The NHTSA has announced plans to ramp up its investigation of Takata, the airbag company linked to several deaths in recent years. This week, the agency announced several changes that boost the likelihood of broader recalls of Takata airbags.


Here's a short list of places you won't want to work in 2015:

  • Radio Shack
  • MySpace (it still exists!)
  • The Kremlin
  • Takata 

The first three don't need much explaining -- and if you keep up with the auto news, neither does the fourth. In fact, the forecast for Takata grew even cloudier yesterday as the National Highway Traffic Safety Administration announced plans to ramp up its investigation of the Japanese parts supplier.

The investigation has been brewing for several years, since the first reports of Takata's exploding airbags began trickling in. It appears that the ammonium nitrate Takata once used as a propellant in those devices becomes unstable when exposed to high, persistent levels of humidity. As a result, owners of cars in states along the U.S. Gulf Coast and elsewhere have reported numerous instances of the airbags exploding upon deployment, sending shrapnel through the vehicles. At least six deaths have been linked to Takata airbags.

There's no nice way to put it: Takata's behavior in response to these reports has been appalling. (Though in fairness, neither NHTSA nor automakers have made the investigation/recall process run any smoother.) Last week, NHTSA began fining Takata $14,000 per day that it refused to cooperate with investigators. And on Wednesday, U.S. Transportation Secretary Anthony Foxx announced several changes that boost the likelihood of broader recalls of Takata airbags.

The changes included:

  • A requirement that Takata "preserve all air bag inflators removed through the recall process as evidence for both NHTSA’s investigation and private litigation cases" (emphasis ours);
  • A requirement that NHTSA investigators have access to those inflators;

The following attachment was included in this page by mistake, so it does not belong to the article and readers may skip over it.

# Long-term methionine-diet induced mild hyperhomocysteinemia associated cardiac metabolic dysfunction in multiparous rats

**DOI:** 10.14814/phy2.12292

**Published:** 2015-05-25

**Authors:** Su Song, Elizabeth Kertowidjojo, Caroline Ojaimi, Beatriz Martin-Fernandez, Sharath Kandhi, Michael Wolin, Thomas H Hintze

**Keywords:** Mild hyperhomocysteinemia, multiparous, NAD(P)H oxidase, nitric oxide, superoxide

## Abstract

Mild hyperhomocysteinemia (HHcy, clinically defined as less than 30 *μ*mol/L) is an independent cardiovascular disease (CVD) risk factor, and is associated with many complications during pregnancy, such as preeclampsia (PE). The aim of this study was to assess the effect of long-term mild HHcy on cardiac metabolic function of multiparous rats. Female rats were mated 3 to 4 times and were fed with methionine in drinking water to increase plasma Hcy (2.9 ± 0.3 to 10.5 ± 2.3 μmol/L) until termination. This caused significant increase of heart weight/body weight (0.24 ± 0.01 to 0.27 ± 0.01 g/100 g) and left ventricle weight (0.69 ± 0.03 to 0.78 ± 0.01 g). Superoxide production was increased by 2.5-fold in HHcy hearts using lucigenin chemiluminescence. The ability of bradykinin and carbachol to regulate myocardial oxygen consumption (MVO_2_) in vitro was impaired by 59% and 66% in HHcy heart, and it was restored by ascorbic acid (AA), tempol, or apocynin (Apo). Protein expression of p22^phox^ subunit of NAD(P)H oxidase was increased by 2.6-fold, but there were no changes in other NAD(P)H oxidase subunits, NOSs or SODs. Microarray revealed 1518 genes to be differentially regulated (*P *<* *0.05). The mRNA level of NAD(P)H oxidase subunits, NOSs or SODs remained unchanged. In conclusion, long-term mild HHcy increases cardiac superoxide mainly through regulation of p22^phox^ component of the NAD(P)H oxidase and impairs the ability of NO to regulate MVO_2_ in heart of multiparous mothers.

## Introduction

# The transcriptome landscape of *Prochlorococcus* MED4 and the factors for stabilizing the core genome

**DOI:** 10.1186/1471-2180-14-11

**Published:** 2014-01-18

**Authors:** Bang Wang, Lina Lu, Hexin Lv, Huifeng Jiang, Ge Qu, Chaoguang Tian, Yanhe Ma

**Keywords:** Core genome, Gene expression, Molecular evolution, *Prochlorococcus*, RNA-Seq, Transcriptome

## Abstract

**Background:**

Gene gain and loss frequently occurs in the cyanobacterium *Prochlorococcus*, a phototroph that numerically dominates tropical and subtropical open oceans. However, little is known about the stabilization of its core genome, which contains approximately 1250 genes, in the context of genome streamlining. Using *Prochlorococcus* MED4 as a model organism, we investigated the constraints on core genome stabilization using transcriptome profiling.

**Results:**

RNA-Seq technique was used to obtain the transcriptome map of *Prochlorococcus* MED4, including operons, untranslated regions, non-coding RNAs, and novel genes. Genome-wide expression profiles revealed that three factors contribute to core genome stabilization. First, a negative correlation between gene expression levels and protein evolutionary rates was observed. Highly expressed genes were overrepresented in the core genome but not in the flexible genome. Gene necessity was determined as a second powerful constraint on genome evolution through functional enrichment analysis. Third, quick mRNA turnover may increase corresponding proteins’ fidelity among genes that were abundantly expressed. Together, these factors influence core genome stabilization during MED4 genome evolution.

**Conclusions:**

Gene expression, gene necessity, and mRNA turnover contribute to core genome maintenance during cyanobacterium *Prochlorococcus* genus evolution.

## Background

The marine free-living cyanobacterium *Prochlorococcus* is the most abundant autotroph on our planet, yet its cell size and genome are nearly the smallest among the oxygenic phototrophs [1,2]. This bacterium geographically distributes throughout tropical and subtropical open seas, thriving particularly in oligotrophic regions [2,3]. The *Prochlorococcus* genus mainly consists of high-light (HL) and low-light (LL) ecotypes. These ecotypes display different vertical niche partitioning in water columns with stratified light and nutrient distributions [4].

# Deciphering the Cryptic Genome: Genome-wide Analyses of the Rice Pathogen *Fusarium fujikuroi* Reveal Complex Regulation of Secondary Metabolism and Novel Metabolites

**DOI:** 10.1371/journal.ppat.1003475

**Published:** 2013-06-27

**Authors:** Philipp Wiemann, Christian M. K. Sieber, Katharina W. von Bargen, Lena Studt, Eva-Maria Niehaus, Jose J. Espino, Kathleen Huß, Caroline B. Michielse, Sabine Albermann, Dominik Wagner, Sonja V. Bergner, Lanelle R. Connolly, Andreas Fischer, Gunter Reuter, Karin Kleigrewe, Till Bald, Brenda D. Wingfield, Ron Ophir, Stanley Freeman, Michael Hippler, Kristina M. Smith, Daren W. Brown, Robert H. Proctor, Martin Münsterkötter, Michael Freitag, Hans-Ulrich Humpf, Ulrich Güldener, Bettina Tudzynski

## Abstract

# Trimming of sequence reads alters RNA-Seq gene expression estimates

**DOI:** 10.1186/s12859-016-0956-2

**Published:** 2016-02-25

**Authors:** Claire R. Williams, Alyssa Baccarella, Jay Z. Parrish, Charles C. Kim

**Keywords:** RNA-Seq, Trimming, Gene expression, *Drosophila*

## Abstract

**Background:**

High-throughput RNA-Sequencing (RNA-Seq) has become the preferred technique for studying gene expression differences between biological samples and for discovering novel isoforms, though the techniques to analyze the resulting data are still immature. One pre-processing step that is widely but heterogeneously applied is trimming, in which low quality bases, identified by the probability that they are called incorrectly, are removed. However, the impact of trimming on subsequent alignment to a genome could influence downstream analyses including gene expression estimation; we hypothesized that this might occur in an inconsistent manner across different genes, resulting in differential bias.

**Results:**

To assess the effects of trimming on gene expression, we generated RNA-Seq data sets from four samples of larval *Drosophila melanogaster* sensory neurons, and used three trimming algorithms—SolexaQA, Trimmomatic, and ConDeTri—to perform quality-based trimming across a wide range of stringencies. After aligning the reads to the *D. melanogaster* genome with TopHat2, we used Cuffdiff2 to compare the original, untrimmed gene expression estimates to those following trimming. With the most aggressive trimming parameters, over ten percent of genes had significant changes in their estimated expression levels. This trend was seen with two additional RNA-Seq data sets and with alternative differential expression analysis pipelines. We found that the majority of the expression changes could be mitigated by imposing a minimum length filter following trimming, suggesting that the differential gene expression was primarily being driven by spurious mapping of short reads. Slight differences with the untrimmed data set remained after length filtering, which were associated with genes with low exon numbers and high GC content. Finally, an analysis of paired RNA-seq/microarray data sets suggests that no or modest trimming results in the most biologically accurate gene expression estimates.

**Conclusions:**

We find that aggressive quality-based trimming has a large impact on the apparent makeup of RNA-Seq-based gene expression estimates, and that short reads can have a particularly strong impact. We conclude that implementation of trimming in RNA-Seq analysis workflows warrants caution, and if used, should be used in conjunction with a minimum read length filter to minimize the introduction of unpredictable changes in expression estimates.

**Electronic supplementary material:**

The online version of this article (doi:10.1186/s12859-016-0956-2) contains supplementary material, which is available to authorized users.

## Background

• An upgrade of the investigation from a Preliminary Evaluation (which generally involves NHTSA employees poring over data from consumer complaints) to an Engineering Analysis (which generally involves NHTSA examining failed parts and trying to recreate problems in lab settings). 

That third change should be the most worrying to Takata. The Engineering Analysis is the second in NHTSA's three-step recall process. If the Analysis suggests a persistent problem with specific parts or vehicles, NHTSA's investigation moves to the third phase, a request for a recall. Companies can refuse to comply with such requests, but that's rare, and it doesn't typically work out well for the automaker or supplier in question.

That said, while nationwide recalls of driver-side Takata airbags are a go, NHTSA reports that none of its preliminary data suggests that passenger-side airbags outside the various high-humidity recall zones are subject to failure. Translation: if you're hoping for a nationwide recall of passenger-side devices, don't hold your breath. 

We'll keep you posted as the investigation proceeds.

The Christian Science Monitor has assembled a diverse group of the best auto bloggers out there. Our guest bloggers are not employed or directed by the Monitor and the views expressed are the bloggers' own, as is responsibility for the content of their blogs. To contact us about a blogger, click here. To add or view a comment on a guest blog, please go to the blogger's own site by clicking on the link in the blog description box above.